Colombian licensing authority to decide on Soto Norte mine by Santurban páramo in April 2020
Julia Figueroa and Andrea Nocove (seated on the left in the photo) from the CCALCP legal collective will be visiting Canada from November 2-10.
The Santurban páramo is a sensitive ecosystem (wetland/moor) that supplies drinking water to more than two million people in Colombia.
It is currently at risk from the proposed Soto Norte gold mine that is backed by Minesa, a transnational corporation based in the United Arab Emirates.
The Luis Carlos Perez Lawyers’ Collective (CCALCP) has stated, “We demand respect for our rights to water; to life in dignified conditions for communities; and that authorities take real, effective measures for the protection and conservation of the moors.”
Representatives from CCALCP will be speaking in Ottawa (Monday November 4), Vancouver (Wednesday November 6), and Nanaimo (Friday November 8) on this issue and other environmental and water protection concerns.
Decision in April 2020
El Tiempo now reports that the National Environmental Licensing Authority (ANLA) will announce its decision on the mine in April 2020.
That article also quotes the director of ANLA saying that there will be public environmental hearings, three requested so far, in February and March 2020.
El Tiempo highlights, “For the exploitation, from which during the 25 years about 67 million tons of land would be extracted with the use of 35,500 tons of explosives, the authorization of water concessions is required that the Corporation for the Defense of the Bucaramanga Plateau (CDMB ) already denied considering that the flows of the ravines and rivers from which the water resource would be taken would be affected.”
Furthermore, RCN Radio reports Alexander Martínez, the director in charge of ANLA, saying that the massive number of applications about the mine is historic.
That article notes, “He also reported that the hearings, the possible impact on the water supply, the wasteland, how the dumping of waste will be, are some doubts expressed by the citizens in these 20,408 applications.”
Filing a legal remedy
RCN also reports, “Another recurring request, according to Martínez, is in the request to the ANLA to accept third parties involved, a figure that – if it complies with the profile according to the law – may be notified with the decisions regarding the environmental licensing process and, therefore, file a legal remedy if there is room for it.”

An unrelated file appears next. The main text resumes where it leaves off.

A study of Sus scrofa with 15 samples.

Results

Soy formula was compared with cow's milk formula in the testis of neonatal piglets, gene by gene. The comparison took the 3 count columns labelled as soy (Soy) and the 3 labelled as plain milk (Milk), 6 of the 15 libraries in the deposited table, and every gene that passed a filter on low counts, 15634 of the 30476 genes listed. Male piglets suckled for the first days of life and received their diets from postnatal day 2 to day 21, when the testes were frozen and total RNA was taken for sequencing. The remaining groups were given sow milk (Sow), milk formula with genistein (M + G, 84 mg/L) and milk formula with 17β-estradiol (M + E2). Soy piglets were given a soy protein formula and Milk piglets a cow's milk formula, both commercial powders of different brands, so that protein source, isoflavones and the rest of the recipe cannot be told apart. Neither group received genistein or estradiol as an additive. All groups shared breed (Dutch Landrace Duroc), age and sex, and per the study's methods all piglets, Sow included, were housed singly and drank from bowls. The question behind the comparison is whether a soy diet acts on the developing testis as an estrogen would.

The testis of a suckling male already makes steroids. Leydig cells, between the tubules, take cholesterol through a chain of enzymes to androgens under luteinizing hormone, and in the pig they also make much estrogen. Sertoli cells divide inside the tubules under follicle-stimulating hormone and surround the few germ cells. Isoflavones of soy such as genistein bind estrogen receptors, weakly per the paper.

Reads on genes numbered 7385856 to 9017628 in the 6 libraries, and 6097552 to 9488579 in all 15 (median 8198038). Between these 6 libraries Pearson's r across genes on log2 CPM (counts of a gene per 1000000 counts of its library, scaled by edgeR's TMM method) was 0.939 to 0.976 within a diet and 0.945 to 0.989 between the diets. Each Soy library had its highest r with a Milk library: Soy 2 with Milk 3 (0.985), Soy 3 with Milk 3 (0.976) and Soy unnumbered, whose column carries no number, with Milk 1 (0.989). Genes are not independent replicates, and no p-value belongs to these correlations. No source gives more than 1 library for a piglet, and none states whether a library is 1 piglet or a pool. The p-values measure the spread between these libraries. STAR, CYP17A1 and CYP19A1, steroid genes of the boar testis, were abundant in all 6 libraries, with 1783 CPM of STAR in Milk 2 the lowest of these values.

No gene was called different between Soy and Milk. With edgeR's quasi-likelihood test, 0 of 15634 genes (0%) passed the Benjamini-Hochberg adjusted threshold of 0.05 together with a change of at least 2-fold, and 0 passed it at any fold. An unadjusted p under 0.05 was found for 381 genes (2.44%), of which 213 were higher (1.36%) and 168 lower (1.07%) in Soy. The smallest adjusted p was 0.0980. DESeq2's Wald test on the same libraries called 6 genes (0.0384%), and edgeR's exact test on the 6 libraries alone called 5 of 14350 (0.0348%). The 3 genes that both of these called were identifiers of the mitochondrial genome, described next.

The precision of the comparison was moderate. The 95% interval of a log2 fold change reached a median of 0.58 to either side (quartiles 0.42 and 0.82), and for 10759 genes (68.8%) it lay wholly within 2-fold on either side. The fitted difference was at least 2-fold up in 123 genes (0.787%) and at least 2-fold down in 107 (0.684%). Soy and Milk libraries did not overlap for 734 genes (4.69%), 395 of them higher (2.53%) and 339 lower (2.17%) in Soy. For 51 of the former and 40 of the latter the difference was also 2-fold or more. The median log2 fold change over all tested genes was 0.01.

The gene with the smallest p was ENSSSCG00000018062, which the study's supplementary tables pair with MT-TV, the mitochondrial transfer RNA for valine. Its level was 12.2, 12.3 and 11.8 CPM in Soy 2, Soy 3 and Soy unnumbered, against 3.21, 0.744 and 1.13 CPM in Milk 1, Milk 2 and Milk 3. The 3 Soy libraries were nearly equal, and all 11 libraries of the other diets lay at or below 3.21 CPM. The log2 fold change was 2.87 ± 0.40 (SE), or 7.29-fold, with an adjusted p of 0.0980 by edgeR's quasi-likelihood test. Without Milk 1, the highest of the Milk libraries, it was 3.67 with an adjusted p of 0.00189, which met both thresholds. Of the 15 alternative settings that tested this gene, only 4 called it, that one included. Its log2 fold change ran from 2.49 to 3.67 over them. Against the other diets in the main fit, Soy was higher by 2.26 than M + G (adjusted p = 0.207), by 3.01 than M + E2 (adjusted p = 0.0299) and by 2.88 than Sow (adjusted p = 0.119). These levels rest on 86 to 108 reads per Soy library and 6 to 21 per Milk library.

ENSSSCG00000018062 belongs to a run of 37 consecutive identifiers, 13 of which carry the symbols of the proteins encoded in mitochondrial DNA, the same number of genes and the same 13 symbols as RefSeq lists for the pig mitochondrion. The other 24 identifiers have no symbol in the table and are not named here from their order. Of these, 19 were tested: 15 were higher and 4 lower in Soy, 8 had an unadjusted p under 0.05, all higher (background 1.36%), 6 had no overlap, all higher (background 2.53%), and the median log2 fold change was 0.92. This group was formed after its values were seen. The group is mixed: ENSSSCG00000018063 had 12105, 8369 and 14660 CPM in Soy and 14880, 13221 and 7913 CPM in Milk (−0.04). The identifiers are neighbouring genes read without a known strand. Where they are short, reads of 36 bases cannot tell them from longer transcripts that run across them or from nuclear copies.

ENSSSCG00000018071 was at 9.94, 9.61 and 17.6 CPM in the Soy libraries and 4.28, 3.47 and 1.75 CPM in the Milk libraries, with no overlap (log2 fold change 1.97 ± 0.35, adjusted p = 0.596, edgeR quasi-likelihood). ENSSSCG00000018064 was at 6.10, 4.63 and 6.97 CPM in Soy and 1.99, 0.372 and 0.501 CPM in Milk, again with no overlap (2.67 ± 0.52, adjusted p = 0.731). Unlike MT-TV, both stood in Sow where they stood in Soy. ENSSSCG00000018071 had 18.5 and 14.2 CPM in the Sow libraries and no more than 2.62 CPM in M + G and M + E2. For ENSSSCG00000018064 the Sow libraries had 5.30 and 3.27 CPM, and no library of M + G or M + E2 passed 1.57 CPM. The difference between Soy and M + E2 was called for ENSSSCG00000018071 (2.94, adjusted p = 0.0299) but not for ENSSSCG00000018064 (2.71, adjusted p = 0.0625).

RCN adds, “So far, according to ANLA, they have accepted 9,441 intervening third parties.”
CCALCP calls for implementation of T-361
In July 2019, civic leader Erwing Rodríguez-Salah wrote in Razón Publica, “The delimitation of the Santurbán páramo made by the [President Juan Manuel] Santos government in 2014 was the result of interest in facilitating mining activities, and not in protecting the water that the region needs for its life and development.”
He highlights that Resolution 2090 of 2014 “delimited Santurbán with the purpose of legalizing mining companies in the area.”
“Therefore, under the leadership of the Luis Carlos Pérez Lawyers Collective, in July 2015 we filed a guardianship action against the Ministry of Environment. The guardianship was ruled by the Constitutional Court in judgment T-361 of 2017. There, the Court considered that Resolution 2090 violated our right to environmental participation and demanded from the Government a new delimitation of the Santurbán páramo.”
CCALCP lawyer Julia Figueroa told El Espectador that T-361 “becomes a precedent in favour of the claims set forth in the guardianship and strengthens the interventions that will be made before the Constitutional Court in our purpose that will generate legal, constitutional and material protection of our Páramo de Santurbán.”
The 317-page judgement can be read at Sentencia T-361/17.
Environmental hearings to resume on November 1
Another El Tiempo article earlier this month also notes that Ministry of Environment and Sustainable Development hearings related to the mine would take a two-week break and resume on November 1.
Peace Brigades International and CCALCP
The Peace Brigades International-Colombia Project, which accompanies CCACLP for their protection, has stated, “Since 2010, CCALCP has supported causes that defend natural resources, especially water, in Santander department.”
“The case of Santurban moor is very relevant. The moor is an important natural resource for Colombia and the source of drinking water for many municipalities in the department of Santander and North Santander.”
PBI-Colombia adds, “Nevertheless, as in other cases in Colombia, concessions have been granted to multinational companies for exploiting mineral resources, which are causing serious environmental impacts.”
For further information on CCALCP’s upcoming speaking tour, please click here.